SCOTLAND is “going backwards” as drug deaths continue to rise, according to a campaign organisation.

Annual figures for the total number of drug related deaths should have been published this month but has been delayed due to a dispute over toxicology services leading to a backlog of almost 1000 cases.

The latest report for 2018 saw another record year with 290 deaths in Glasgow and 1187 deaths in Scotland.

It was a huge leap for the year before when 192 deaths were recorded in the city.

Despite there being no official figures for 2019 published, police have said there was expected to be another increase.

Annemarie Ward, chief executive of Faces and Voices of Recovery (Favor), said even before the coronavirus pandemic efforts to tackle drug deaths were inadequate.

She said: “We fully understand that governments have rightly been focussed on tackling the Covid-19 pandemic.

“But unless urgent action is taken, any progress on drug deaths will be lost. All we are hearing from the police and what we’re seeing on the ground indicates that Scotland is now going backwards.

“Even before the pandemic struck, we were seeing very little concrete action from either government. The Drug Death Task Force insists on pursuing the same failed options that got us into this mess, and the UK Government has failed to listen or take steps such as declaring a public health emergency.”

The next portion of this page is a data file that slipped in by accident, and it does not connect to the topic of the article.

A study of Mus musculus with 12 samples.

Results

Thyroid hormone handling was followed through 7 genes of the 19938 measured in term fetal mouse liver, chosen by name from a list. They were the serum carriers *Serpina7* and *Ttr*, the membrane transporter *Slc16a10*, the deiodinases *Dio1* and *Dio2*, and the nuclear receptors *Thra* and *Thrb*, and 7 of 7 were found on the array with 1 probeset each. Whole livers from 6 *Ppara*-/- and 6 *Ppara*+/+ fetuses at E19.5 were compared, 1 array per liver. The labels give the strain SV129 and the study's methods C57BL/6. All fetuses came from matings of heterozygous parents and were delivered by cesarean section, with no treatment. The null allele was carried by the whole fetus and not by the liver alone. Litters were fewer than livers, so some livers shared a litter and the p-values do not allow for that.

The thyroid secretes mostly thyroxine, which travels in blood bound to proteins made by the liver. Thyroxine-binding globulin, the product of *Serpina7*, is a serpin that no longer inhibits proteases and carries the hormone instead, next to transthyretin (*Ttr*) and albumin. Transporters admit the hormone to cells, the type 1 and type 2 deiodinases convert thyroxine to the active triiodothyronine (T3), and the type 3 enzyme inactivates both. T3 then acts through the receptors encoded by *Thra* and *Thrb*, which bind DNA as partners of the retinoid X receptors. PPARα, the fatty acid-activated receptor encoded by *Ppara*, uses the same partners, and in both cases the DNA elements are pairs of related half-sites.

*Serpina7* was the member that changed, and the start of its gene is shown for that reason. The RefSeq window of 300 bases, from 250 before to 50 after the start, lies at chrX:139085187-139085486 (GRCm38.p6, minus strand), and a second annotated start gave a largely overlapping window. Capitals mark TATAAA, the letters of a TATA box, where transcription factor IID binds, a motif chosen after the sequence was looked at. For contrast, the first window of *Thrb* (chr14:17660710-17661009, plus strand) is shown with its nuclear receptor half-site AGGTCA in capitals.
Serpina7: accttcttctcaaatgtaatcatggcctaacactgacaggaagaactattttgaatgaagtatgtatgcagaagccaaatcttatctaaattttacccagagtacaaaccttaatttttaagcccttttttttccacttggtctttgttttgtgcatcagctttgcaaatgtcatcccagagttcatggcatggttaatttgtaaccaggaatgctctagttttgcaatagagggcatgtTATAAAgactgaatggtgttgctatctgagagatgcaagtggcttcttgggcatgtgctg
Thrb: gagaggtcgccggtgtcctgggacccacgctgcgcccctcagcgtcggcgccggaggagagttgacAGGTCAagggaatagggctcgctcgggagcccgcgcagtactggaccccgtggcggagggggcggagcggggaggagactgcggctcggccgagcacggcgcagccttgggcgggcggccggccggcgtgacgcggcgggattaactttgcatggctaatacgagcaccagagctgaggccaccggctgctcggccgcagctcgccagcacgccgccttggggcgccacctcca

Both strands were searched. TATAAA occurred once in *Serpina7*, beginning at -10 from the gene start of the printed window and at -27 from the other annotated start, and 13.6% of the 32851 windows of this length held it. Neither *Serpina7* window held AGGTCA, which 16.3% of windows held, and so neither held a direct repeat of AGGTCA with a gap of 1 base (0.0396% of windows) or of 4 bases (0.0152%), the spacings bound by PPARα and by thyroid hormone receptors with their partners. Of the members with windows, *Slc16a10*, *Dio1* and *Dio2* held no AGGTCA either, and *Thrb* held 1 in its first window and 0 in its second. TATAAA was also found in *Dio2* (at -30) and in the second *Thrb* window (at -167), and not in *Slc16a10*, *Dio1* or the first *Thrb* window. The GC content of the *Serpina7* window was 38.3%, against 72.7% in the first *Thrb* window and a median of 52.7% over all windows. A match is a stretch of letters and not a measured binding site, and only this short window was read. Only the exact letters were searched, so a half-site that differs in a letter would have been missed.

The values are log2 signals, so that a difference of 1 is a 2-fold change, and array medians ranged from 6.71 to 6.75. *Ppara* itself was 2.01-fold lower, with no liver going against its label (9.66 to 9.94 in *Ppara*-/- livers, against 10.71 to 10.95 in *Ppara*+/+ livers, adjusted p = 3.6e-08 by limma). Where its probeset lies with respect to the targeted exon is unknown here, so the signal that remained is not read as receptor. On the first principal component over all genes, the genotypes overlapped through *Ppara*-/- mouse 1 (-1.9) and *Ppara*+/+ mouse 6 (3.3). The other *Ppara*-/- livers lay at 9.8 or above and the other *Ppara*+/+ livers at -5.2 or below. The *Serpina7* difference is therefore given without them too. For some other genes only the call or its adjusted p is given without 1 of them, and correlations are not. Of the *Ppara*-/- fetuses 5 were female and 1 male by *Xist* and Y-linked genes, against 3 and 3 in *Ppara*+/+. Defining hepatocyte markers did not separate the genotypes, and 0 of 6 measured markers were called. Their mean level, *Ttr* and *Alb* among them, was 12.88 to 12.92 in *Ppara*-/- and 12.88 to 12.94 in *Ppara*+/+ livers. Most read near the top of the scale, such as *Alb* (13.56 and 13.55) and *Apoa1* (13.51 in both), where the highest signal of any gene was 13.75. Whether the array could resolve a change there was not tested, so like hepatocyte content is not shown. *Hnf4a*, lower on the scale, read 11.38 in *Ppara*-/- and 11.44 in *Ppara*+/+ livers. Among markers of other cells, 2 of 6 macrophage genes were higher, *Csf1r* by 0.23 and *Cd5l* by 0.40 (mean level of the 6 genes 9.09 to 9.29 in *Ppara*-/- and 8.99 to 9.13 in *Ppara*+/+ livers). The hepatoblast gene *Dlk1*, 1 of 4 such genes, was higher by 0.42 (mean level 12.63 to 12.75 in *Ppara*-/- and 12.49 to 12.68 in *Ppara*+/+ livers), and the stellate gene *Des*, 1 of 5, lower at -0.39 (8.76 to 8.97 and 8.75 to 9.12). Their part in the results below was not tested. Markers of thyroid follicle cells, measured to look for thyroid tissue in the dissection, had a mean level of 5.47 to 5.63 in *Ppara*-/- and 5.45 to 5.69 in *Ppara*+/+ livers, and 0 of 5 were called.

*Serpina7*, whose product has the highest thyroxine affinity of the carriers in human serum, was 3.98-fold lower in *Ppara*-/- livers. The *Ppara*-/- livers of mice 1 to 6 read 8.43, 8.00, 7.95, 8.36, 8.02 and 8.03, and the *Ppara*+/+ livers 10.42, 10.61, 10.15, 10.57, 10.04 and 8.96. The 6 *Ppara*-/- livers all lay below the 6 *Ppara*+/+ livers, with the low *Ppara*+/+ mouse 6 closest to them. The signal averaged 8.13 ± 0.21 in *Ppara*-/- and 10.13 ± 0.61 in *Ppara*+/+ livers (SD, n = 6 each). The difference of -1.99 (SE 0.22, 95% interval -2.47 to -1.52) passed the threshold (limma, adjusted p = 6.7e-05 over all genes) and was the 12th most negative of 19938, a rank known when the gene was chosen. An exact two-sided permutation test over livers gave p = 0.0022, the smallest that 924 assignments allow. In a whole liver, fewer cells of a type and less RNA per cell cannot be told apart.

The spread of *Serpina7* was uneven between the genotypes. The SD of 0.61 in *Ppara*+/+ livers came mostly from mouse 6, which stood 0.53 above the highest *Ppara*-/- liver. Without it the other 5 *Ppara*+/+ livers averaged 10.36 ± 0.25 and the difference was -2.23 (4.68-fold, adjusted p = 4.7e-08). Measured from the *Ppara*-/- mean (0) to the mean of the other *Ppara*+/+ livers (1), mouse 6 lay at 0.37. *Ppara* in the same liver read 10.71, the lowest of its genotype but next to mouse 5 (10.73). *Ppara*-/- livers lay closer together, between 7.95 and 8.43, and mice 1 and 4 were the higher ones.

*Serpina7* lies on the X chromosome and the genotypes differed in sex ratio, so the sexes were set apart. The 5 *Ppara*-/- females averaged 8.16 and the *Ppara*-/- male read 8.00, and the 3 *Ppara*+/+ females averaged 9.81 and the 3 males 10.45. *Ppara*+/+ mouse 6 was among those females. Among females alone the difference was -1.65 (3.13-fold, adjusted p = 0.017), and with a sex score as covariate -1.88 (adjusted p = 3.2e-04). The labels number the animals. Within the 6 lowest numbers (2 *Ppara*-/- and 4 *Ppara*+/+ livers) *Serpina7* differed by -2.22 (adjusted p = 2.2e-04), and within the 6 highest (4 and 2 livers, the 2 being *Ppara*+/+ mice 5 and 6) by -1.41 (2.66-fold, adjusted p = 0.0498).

Favor calls for more resources to be invested in recovery and residential rehabilitation and argues that eh efforts to help people off drugs are too narrowly focussed.

Ms Ward added: “We need the UK Government to come to the table to discuss sensible solutions, and we need the Scottish Government to start properly funding rehabilitation and recovery programmes.

“The drug crisis is Scotland’s shame and on current trends, it’s only going to get worse.”

The call for renewed and urgent action comes as a study shows public support for a safer drug consumption room, which has been blocked in Glasgow by the Lord Advocate’s advice and the Home Office.

The research by academics at Glasgow Caledonian University, Liverpool John Moores University ( and the University of Liverpool found when provided with greater information of how a DCR works people were in favour of it.

The first scientific research on the subject, of 1600 people across Scotland, found that 61% of people agreed with the introduction of DCRs in Scotland, whilst only 15% disagreed, and 24% were unsure.

Dr Andrew McAuley, a Senior Research Fellow in the School of Health and Life Sciences at GCU, said: “Harms related to drug use in Scotland are at record levels and Glasgow is at the epicentre with an ongoing HIV outbreak and some of the highest drug-related death rates in the country. One of the proposals put forward to tackle these public health crises has been a DCR but this has repeatedly been rejected by the UK government.

“However, that doesn’t mean that the case for DCRs in Glasgow has gone away and we’ve continued to build the evidence base for a DCR in the city by looking at the drug-related harms such a facility would seek to address including our work on HIV, public injecting, and more recently whether people who inject drugs would use it.”